FRANCE HAS HIGH HOPES FOR MEDVEDEV


The Russian-French Security Cooperation Council met in Paris yesterday at the level of foreign affairs and defense ministers. Russian Foreign Minister Sergei Lavrov and Defense Minister Anatoly Serdyukov met with their French counterparts and French President Nicolas Sarkozy.


The Russian-French Security Cooperation Council met in Paris yesterday at the level of foreign affairs and defense ministers. Russian Foreign Minister Sergei Lavrov and Defense Minister Anatoly Serdyukov met with their French counterparts and French President Nicolas Sarkozy, discussing military cooperation and military technology cooperation. The key issue in the talks was the possibility of signing a new Partnership and Cooperation Agreement (PCA) between Russia and the European Union; and the leitmotif of the talks was adjustment of Russia’s positions in relations with the West.

The Russian-French Security Cooperation Council was established in 2002; its goals are to expand strategic dialogue on defense and security issues between Russia and France. This was the Council’s seventh meeting. Sergei Lavrov and Anatoly Serduykov, with their French counterparts Bernard Kouchner and Herve Moren, discussed Russian-French cooperation within the United Nations and the UN Security Council, counter-terrorism efforts, and WMD non-proliferation. In the afternoon, the Russian ministers met with President Sarkozy. It was an unofficial meeting, so the ministers didn’t discuss the details at their subsequent press conference.

French Foreign Minister Bernard Kouchner said at the March 11 press conference: “Russia should be playing a more substantial role – not only in relations with France, but also in relations with Europe and the whole world. We acknowledge that certain problems have arisen of late between the EU and Russia, with the EU failing to find the right tone in communicating with Russia. We shall make every effort to ensure that the PCA is signed while France is chairing the EU – in the period after June 1. We regard this a strategic priority for our term in the EU chair.”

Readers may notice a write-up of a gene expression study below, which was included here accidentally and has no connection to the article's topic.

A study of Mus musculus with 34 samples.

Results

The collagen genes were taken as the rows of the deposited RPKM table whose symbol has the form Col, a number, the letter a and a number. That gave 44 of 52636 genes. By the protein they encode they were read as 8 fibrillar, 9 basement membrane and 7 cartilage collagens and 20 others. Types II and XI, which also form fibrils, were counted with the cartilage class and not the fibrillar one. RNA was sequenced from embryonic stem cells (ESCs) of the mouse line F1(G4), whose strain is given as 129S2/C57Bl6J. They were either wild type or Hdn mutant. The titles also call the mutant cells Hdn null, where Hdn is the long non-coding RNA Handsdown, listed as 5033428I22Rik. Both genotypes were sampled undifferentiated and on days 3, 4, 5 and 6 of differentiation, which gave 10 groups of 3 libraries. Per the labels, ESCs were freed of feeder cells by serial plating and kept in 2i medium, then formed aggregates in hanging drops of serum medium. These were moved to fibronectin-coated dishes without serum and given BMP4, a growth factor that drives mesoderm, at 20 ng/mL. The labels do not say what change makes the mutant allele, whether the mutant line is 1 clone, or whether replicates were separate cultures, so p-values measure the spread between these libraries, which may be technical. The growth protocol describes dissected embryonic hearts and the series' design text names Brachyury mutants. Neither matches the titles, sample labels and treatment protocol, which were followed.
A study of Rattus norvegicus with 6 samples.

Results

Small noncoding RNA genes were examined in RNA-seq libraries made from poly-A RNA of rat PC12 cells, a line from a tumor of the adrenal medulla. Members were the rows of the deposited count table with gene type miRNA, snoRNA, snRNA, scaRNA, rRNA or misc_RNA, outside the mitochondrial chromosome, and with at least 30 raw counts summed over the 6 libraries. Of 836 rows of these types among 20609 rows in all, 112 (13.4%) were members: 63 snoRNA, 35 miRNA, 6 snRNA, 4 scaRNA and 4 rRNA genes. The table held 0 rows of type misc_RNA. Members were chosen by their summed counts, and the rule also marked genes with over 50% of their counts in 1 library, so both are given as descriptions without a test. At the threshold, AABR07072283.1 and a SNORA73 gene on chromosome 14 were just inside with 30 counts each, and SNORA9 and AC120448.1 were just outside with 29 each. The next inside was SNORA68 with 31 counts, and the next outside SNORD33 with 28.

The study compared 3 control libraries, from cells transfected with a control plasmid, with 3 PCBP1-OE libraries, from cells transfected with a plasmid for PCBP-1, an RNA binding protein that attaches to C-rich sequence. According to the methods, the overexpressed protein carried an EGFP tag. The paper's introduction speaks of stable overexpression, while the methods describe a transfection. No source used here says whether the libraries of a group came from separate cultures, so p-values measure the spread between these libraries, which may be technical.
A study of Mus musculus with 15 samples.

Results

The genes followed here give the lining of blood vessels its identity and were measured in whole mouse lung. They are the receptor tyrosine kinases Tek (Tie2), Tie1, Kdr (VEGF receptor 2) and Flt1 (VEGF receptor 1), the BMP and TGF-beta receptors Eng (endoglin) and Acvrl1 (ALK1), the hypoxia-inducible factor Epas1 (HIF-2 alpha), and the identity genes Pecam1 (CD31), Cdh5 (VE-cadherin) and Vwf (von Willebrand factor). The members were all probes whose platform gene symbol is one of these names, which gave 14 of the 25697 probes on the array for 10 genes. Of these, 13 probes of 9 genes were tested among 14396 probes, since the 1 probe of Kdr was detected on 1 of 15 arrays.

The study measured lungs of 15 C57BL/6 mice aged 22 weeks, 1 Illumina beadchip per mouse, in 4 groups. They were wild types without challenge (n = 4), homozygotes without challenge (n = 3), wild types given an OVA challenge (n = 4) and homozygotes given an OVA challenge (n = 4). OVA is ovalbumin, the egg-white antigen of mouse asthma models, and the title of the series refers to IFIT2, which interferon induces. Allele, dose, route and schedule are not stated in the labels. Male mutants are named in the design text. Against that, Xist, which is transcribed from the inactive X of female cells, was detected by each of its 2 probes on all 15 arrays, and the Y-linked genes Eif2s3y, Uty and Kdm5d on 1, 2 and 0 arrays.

According to observers, this very question will dominate French-Russian relations in the year ahead. “Nicolas Sarkozy will do all he can to have the new PCA signed while France is chairing the EU,” says prominent German political analyst Alexander Rahr. In 2005, the signing of a new PCA were disrupted due to Poland, which imposed a veto on Russia-EU PCA negotiations. Warsaw demanded that Moscow should ratify the European Energy Charter and lift a ban on meat imports from Poland. Moscow lifted the embargo on Polish produce in December 2007, and Donald Tusk, Poland’s new prime minister, promised to lift the veto on PCA negotiations.

Observers note that for this reason, the French hosts were very interested in any possibility of changes in Russia’s policy on relations with the EU after the presidential election.

Alexander Rahr: “Dmitri Medvedev has made a number of liberal statements about Europe, so Western countries are taking an interest in the new president, in the hope of seeing some changes and concessions in relations – not only with the EU as a whole, but with each country in particular. A covert battle for the Russian energy market is under way.”

Antoine Colonna, chief editor of the “Intelligence et Strategie” journal: “Many in France see Dmitri Medvedev as a better alternative than Vladimir Putin. They believe he has more charisma, and the new president’s lack of KGB background is perceived as a virtue. The French press is inclined to demonize Putin.”

At a joint press conference with German Chancellor Angela Merkel on March 8, President Putin said: “He Dmitri Medvedev is no less of a Russian nationalist, in the good sense of the term, than I am. I don’t think our partners will find him any simpler to deal with.” That same day, Medvedev offered Merkel “comradely cooperation” – just like in the Putin era. But “Russia is hardly likely to be generous with concessions in the post-election period unless there is some reciprocal compromise from the West.”